Shazam! is the recent installment in what seems to be the decaying DC extended universe of films. David F. Sandberg is in the head chair which is a confusing pick considering his directing experience is primarily in the horror genre. With a script by Henry Gaayden, yet another “no-name”, it is a wonder the studio was able to get this story going. A story wherein a young teenage boy is chosen by an old wizard to possess incredible powers to protect the world from evil. Mark Strong is an antagonist, though! Because his last attempt in a DC comic book movie went so well…..
ShamWOW: Considering the track record of the DC comic book movies, Shazam! already had a low expectation level from the masses. This particular character, though he has been prominent in the comics for decades, may not be the most marketable in the cinema. Add in the body swap comedy aspect of the script which is foreign in this typically darker-toned universe, then there are only two words to describe Shazam!: it works. Shockingly this film amazed and surprised. It is far from perfection, even far from “very good”, but there are several aspects that contribute to Shazam! Potentially being the best DCEU movie that has been released. Here is why.
Levi/Angel/Grazer: The three protagonist stars captivate the screen and deliver entertaining performances. Zachary Levi surprised with great comedic timing and voice work. He embraced the body swap comedy aspect of the film which is always a delight if done correctly and Levi does not miss a beat when acting like a teenage boy in a grown man’s body. Asher Angel who is the boy trapped inside the heroes body is cocky yet vulnerable and that is portrayed well by the young actor. At times you want to shake this kid by the neck but then you kind of just want to hug him? Angel’s range of emotions as a young actor will only get better as the years go by. Then finally we have Jack Dylan Grazer. Calling him a sidekick is disrespectful to his tone setting and theme shifting performance. The film follows his character’s mindset it seems. Which illustrates how much Billy (Angel/Levi) relies on Freddy (Grazer) in the film.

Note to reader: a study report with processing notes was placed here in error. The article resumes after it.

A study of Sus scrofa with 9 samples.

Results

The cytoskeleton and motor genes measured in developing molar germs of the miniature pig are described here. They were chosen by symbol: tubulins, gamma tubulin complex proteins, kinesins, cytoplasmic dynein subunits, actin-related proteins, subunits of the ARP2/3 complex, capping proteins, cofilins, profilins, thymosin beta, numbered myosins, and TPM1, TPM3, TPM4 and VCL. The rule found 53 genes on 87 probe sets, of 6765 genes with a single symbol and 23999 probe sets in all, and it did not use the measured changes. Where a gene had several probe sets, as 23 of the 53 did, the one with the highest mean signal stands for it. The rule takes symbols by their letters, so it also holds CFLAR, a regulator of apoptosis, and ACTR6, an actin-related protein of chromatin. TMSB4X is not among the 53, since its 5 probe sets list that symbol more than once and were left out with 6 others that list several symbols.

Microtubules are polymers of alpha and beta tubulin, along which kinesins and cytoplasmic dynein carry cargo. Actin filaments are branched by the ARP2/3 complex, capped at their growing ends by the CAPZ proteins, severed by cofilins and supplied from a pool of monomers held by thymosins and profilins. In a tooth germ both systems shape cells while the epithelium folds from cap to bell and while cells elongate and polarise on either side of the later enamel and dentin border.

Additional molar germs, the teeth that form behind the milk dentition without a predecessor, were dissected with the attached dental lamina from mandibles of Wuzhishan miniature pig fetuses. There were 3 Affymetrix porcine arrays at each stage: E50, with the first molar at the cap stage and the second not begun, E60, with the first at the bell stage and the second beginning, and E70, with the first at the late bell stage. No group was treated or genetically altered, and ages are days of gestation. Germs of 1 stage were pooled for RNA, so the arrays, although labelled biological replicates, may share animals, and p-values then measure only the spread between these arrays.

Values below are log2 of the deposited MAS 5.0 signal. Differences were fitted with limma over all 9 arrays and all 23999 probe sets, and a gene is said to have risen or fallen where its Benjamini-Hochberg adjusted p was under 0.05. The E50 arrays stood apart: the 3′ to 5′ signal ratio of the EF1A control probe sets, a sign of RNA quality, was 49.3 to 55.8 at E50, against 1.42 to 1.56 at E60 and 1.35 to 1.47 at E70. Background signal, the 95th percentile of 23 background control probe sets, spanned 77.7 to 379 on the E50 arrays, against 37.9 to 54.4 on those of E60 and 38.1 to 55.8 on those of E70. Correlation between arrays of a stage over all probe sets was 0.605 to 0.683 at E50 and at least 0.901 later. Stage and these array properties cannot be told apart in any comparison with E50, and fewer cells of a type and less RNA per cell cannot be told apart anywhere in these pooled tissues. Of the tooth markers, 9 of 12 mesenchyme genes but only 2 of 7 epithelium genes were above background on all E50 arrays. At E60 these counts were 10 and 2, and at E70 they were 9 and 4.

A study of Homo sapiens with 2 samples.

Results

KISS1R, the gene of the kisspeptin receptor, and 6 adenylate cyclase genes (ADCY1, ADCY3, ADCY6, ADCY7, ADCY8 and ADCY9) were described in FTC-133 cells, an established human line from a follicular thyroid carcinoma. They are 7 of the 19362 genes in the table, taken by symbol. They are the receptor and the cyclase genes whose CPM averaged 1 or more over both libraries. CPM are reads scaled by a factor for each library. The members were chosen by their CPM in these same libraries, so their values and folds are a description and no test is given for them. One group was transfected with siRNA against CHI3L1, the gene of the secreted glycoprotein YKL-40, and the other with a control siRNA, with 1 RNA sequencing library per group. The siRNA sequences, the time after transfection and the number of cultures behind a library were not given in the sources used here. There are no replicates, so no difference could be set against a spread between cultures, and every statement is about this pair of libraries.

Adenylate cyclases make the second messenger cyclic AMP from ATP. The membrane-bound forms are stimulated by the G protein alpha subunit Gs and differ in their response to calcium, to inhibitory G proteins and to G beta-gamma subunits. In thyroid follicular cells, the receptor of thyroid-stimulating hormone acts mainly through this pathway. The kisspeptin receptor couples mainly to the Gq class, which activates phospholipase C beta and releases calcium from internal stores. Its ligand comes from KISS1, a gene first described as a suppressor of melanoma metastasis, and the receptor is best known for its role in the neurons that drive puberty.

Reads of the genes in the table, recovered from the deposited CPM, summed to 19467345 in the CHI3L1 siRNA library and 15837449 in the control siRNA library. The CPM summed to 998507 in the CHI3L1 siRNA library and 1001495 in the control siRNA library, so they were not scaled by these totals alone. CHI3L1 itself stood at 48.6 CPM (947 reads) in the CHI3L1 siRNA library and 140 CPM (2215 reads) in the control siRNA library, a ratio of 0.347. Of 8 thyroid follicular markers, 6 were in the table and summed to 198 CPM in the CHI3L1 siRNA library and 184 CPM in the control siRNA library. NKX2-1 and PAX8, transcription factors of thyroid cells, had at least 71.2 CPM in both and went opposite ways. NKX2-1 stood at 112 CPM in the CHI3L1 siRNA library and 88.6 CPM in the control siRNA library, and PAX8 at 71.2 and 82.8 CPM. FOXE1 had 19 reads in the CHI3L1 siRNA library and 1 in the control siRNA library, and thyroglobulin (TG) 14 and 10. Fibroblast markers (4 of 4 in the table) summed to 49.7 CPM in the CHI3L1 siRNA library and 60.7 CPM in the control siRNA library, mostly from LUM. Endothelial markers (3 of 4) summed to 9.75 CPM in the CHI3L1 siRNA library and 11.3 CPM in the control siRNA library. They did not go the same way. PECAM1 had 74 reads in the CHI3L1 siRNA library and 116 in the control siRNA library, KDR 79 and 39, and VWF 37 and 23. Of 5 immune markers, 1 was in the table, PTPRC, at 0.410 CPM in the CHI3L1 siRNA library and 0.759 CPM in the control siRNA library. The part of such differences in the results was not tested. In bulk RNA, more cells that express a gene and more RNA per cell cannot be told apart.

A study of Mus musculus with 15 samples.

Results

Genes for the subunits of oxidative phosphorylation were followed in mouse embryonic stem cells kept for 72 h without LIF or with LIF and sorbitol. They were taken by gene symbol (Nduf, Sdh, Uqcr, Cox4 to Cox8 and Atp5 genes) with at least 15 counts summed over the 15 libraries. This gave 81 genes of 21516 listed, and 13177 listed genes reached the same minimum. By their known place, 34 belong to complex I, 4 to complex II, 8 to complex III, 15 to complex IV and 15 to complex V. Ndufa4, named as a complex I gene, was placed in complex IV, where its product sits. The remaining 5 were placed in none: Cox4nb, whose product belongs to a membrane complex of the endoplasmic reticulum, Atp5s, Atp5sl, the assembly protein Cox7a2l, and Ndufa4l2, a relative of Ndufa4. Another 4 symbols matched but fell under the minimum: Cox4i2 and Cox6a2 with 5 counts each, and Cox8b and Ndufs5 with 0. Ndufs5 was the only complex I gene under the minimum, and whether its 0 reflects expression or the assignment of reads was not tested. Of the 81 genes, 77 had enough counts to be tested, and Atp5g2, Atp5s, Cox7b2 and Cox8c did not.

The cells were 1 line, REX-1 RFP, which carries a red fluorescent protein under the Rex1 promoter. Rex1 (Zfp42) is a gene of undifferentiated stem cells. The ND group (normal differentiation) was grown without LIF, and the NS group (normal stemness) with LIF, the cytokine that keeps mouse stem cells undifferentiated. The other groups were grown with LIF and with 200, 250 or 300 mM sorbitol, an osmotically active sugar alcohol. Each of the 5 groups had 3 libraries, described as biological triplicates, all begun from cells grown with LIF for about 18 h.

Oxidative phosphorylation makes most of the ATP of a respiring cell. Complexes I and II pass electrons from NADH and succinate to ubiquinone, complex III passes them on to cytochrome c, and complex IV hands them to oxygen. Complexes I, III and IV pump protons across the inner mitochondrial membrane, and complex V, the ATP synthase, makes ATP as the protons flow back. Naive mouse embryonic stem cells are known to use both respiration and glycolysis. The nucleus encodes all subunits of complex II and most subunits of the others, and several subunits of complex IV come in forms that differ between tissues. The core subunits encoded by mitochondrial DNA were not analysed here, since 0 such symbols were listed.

Grounded When Needed: Comic book films can sometimes hit a wall of relatability with the audience. Look at some other DCEU films: Aquaman, sins of the father and masculine kingdom struggle? Pass. Wonder Woman, empowering to women, sure, but relatable because everyone is born as a weapon and has a need to prove their worth as that weapon? Nope, that is a miss again. Two very fine films in the current wave of DC movies. But none so far compared to the grounded narrative of Shazam!. Billy Batson is a troubled teenage foster kid and that emotional struggle is explored and highlighted wonderfully in a couple of scenes of the film. The “family” narrative can at times be dull and overplayed. But Billy’s character development does not make this a forced aspect of the film.